Friday, October 14, 2005

Concensus, French Style

The arrest of the former French ambassador to the UN for taking bribes from Saddam is the tip of the iceberg of France's covert alliance with Saddam. A reminder that consensus will never be achieved in a UN infested by corrupted governments.

Today's WSJ (subscription) comments:

In June 1995, Mr. Mérimée, then France's ambassador to the U.N., announced he was largely satisfied with the progress Iraq had made on disarmament and wanted sanctions lifted sooner rather than later. And this week, a French investigative magistrate brought Mr. Mérimée in for questioning on an allegation that he took a bribe from Saddam in the form of 11 million barrels of oil.

Others who have been linked to the oil handouts (while denying any wrongdoing) include Charles Pasqua, a senator and former interior minister; Serge Boidevaix, the former secretary general of the Foreign Ministry; Patrick Maugein, chairman of oil company SOCO who is close to President Jacques Chirac; Michel Grimard, leader of the Christian Movement of the French Fifth Republic -- the list, as they say, is long and distinguished.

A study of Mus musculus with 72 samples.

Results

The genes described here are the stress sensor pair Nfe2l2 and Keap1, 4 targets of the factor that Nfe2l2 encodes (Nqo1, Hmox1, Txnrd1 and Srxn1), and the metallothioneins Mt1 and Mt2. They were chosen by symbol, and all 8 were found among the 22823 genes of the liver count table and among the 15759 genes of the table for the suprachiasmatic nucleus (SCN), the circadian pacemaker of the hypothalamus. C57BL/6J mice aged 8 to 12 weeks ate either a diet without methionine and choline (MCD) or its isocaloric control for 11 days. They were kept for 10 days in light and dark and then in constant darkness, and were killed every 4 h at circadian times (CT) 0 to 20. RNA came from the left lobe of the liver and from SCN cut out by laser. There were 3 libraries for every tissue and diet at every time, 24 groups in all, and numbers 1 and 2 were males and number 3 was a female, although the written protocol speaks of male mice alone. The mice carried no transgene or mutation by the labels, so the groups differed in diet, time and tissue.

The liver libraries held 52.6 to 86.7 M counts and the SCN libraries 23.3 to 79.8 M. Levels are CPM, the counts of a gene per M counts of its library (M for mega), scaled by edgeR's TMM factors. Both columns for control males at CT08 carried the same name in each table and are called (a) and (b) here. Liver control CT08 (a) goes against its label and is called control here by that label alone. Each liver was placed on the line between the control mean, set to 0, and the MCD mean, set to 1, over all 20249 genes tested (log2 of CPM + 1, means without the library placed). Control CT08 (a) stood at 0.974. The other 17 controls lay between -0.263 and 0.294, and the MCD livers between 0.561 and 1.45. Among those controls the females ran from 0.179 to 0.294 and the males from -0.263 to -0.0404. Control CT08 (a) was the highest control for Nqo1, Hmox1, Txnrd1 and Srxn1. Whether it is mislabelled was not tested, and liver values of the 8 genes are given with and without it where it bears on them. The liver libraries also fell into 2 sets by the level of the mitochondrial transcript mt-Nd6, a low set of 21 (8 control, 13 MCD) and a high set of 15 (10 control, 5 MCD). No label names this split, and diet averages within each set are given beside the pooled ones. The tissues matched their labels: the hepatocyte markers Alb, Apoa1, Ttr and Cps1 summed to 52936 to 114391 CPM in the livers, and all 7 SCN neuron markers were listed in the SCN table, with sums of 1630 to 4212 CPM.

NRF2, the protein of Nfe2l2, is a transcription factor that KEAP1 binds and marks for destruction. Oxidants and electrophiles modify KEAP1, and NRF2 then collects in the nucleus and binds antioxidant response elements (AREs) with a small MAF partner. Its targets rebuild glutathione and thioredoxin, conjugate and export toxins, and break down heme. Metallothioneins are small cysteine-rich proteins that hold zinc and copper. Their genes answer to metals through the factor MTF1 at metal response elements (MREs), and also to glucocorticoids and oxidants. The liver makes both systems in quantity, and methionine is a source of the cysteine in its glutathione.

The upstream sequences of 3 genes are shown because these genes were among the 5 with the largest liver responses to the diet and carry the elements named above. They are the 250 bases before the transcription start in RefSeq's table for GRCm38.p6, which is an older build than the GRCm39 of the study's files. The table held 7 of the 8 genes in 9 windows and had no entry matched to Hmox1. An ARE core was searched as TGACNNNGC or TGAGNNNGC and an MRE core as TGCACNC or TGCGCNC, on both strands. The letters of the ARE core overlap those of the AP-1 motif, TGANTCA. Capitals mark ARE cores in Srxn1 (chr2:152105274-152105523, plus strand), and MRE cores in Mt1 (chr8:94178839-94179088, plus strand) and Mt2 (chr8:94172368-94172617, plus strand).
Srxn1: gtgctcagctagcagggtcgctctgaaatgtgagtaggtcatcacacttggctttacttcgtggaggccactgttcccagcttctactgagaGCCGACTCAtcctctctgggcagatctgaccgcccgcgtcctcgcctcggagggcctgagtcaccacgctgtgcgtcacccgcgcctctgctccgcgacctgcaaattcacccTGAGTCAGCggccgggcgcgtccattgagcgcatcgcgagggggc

Nor is it relegated to individuals only. Charles Duelfer's Iraq Survey Group reported last year that French oil companies Total and Socap obtained a combined 198 million barrels in Iraqi oil vouchers. We have also learned from Paul Volcker's Oil for Food inquiry that Saddam Hussein steered $4.4 billion worth of oil contracts to French companies and $3 billion in "humanitarian" contracts.

So now we know what French officialdom means by the word "multilateralism": One part involves speechifying about the need for international "consensus" and "legitimacy"; a second part involves doing business with dictators and doing their bidding at the U.N.

Corruption and its bedmate hypocrisy is endemic not only to France, but to most nations outside the Anglosphere, Holland and the Nordic nations.